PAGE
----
Tsavo West is one of Kenya’s larger national parks covering about 9065sq-km, with a huge variety of landscapes from swamps, natural springs, and rocky peaks to extinct volcanic cones, rolling plains and sharp outcrops dusted with greenery.
This is a park with a whiff of legend about it, first for its famous man-eating lions in the 19th century and then for its devastating levels of poaching in the 1980s. Despite the latter, there’s still plenty of wildlife here, although you’ll have to work harder and be much more patient than in Amboseli or the Masai Mara; the foliage is generally denser and higher here. Put all of these things together, along with its dramatic scenery, fine lodges, and sense of space, and this is one of Kenya’s most rewarding parks.
This is a highly recommended area for wildlife watching, with plenty of antelope species keeping a careful eye out for the resident lions, leopards, and cheetahs. You’ll also see elephants, giraffes, and, if you are lucky, black rhinos. Birdlife is also particularly diverse here. The signposted ‘Rhino Valley Circuit’ is a good place to start, and anywhere along with the Mukui River’s ponds and puddles is a place to watch and wait.
Rising more than 600m above the valley floor and to a height of over 1800m above sea level, this jagged ridgeline ranks among the prettiest of all Tsavo landforms, providing as it does a backdrop to Rhino Valley. The hills can be climbed with permission from the warden, while the peaks are also a recognized flyway for migrating birds heading south from late September through to November.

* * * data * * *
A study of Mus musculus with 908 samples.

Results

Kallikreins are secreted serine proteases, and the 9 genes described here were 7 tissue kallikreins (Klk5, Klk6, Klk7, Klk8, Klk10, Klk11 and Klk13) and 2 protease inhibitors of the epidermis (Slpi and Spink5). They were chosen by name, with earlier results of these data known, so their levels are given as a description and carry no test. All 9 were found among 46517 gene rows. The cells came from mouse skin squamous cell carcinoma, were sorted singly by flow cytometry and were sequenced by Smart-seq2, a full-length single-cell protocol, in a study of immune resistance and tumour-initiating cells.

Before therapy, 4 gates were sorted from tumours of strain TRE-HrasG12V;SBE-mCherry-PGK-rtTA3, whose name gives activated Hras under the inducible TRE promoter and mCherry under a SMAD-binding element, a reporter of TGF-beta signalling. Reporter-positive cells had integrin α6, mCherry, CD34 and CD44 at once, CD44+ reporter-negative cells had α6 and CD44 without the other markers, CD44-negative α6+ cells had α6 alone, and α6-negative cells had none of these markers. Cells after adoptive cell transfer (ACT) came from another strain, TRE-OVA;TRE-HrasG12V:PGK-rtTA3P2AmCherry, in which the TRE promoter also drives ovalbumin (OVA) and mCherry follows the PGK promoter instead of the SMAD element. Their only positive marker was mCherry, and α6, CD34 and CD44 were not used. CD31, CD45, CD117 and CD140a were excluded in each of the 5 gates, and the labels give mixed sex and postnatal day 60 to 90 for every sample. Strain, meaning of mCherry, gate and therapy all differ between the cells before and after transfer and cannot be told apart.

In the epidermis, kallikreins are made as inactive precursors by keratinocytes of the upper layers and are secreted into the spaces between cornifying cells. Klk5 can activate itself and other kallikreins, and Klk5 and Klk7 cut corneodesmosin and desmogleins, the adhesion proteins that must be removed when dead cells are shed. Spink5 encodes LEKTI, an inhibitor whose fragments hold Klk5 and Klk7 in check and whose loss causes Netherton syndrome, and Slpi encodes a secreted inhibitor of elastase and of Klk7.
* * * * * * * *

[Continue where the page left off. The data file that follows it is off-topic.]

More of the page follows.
Tsavo Gate & the East
Many visitors heading for Tsavo East National Park or Mombasa use this gate. Wildlife spotting in this eastern section of the park is challenging due to the quite dense foliage, but both leopards and lions are known to frequent the area.
Ngulia Rhino Sanctuary
At the base of Ngulia Hills, this 90sq-km area is surrounded by a 1m-high electric fence and provides a measure of security for around 80 of the park’s highly endangered black rhinos. There are driving tracks and waterholes within the enclosed area, but the rhinos are mainly nocturnal and the chances of seeing one are slim black rhinos, apart from being understandably shy and more active at night, are browsers, not grazers, and prefer to pass their time in thick undergrowth.
Tsavo River & the South
Running west-east through the park, this lovely year-round river is green shaded and surrounded for much of its path by doum palms. Along with Mzima Springs, the river provides aesthetic relief from the vast semi-arid habitats that dominate the park.
Run by the same people as Severine Safari Camp, Kitani is located 2km past its sister site but is equally good value. These thatched concrete bandas with their own simple kitchens have far more style than your average budget camp and you can use Severin’s facilities (including the pool and free wi-fi). Good value, though does call ahead.
Finch Hatton’s Safari Camp
This luxurious tented camp, arranged around a stream full of crocs and hippos, is now looking fancier than ever after a renovation. The 17 massive, glamorous tents have vast beds, huge verandahs, and incredible outdoor bathrooms complete with copper bathtubs. There’s a spa, gym and pool, courteous staff, and wonderfully stylish air to the place.
Severin Safari Camp
This fantastic complex of thatched luxury tents just keeps getting better. There are lovely, spacious tents, a swimming pool and spa, and even a tented gym. Their staff offers a personal touch (Manja and Juergen, a pastry chef, have been running this place since 2008), the food is outstanding and the tents are large and sumptuous despite costing considerably less than others elsewhere in the park.